Get new posts by email:

Registered Associate Nutritionist

Registered Associate Nutritionist

Pancake Day (Shrove Tuesday)

 This year, Pancake Day falls on Tuesday 21 February – Shrove Tuesday always takes place a day before the Christian observance of Ash Wednesday. That in turn marks the start of Lent, the Christian season supposed to replicate the Biblical story of Jesus Christ’s withdrawal into the desert for 40 days. Traditionally, this is a period of abstinence, with many non-Christians still getting into the spirit of the season by giving up a particular treat. With the bleak prospect of 40 days of discipline looming, it was perhaps inevitable that Shrove Tuesday would become an occasion to gorge oneself and cram in as much frivolity as possible. The day before Lent started became the ideal time to make pancakes as a means to use up leftover eggs, milk and sugar. In French, the date became known as “Mardi Gras”, or “Fat Tuesday”, for this reason, and the label has been adopted in other nations too, most notably the USA. Pancake Day gives us a chance to indulge ahead of the season of Lent .

There is much debate over the best pancake toppings, from lemon and sugar or chocolate spread to more savoury options.

But all of that is irrelevant if you do not get the batter just right, so it pays off to give the mix the most attention.

 Below are some tips from some of the UK’s most respected cooks.

Jamie Oliver’s pancake recipe Jamie Oliver’s recipe calls for three eggs, 125g of plain flour and 250ml of milk to make eight pancakes. He recommends using a blender to mix the ingredients and says you can trade out some of the white flour for wholemeal, to give the pancakes more texture.

 “Take this versatile crepe recipe in a sweet or savoury direction, depending on what you fancy,”

Oliver says. If you prefer thicker pancakes Oliver also has an American-style recipe, which requires you to separate the eggs and add baking powder. “Blueberry pancakes are great but you must try corn pancakes,” he says. “On one condition – you must use fresh corn.”

Mary Berry says of her version. The recipe requires self-raising flour and baking powder, as well as orange zest, and the national treasure recommends serving the pancakes with butter, maple syrup or honey, Greek yoghurt and fresh fruit.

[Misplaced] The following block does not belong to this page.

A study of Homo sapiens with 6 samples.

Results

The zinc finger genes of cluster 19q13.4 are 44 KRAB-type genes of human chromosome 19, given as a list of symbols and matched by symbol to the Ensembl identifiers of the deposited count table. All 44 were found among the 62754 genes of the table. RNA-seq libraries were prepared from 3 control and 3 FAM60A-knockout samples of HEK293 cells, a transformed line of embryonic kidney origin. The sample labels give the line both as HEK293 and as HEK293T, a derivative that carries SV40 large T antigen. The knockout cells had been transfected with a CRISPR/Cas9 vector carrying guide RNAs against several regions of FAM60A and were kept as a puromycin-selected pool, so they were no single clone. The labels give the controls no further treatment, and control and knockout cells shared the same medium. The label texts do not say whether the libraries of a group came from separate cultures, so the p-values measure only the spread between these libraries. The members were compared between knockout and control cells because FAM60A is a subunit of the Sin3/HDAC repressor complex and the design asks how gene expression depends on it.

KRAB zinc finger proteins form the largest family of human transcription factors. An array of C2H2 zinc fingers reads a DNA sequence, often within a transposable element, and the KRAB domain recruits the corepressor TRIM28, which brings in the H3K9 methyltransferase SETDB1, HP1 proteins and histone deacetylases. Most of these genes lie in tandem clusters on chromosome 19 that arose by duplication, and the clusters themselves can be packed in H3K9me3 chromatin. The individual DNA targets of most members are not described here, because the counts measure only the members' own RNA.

Gordon Ramsay’s pancake recipe If you are feeling particularly indulgent, Gordon Ramsay has a buttermilk pancake recipe that should scratch your itch. You’ll need 300g of buttermilk to make these, as well as some vanilla extract. Top these with syrup, powdered sugar and blueberries, or even add bacon if you’re after that fully American feel.

Ainsley Harriot’s recipe for pancakes involve banana and toasted pecan nuts. Below is the recipe for this:

Ingredients: 100g plain flour, pinch of salt, tsp of caster sugar, 2 eggs beaten, 300ml whole milk and 30 grams melted butter or tbsp sunflower oil, plus extra for frying

For the sauce, banana and pecans: 200g granulated sugar, 85g butter, 1/2 tsp sea salt flakes, 125 ml single cream, 2 bananas, peeled and sliced, and handful of toasted pecans, roughly chopped. 

A study of 2,000 adults revealed the top mishaps people have experienced with their batter – and expect to suffer from again this year. Among the top flops were lumps of flour or eggshell being in the mix, pancakes sticking to the pan, and running out of ingredients. It also emerged that February 21st will see an average of five pancakes made per household, but 19 per cent of them will not be a success. Based on the number of homes in the UK, this will result in 25,133,195 pancakes being classed as inedible. Nearly a third (32%) claim the first pancake they make is always the worst and 23% consider it the practice run. The research, commissioned by Utilita Energy as part of its Bill Busters series, also revealed 19% make too much batter. To fight waste, the supplier worked with chef Jamie Oliver to create a pancake calculator. Archie Lasseter, Utilita Energy’s sustainability lead, said:

“It’s ironic that a day that was traditionally created to use up leftover ingredients, has now resulted in a lot of waste, and all the while, the cooking costs will be adding up. “It’s always a fun event, testing out our flipping skills and getting creative with toppings, but this year more than ever, people will be wary of the cost. “To help households budget after answering a few basic questions, our smart calculator reveals the exact ingredients required, and how much each pancake will cost to make and cook.”

The research also found when people experience a mishap with their pancake, it’ll likely end up in the bin (38%), while 29%  eat it no matter what and 11% will feed it to their pet. British residents only rate their flipping skills a five out of 10 on average and typically make two lots of batter before it’s “right”. But 46% think mishaps are part of the experience of pancake day.

In relation to nutrition, Pancakes are not the greatest to consume on a regular basis unfortunately. They are made with white flour, which means that the fibre contents in them can be low. So a great alternative would be to make pancakes with wholemeal flour, as the fibre content in them would be greater, which can help with the support of the bowel. As you can see from my picture below, I try to add healthy toppings like strawberries, blueberries etc to increase the vitamin/mineral content of the meal. I believe that any meal can be adapted to make it more healthier. 

Regardless of the research the aim of Pancake day is to celebrate this with loved ones, enjoy and learn with experience. Over time we will get better and better. My pancake below is not one of my finest experiences, however this is something that I am constantly working on!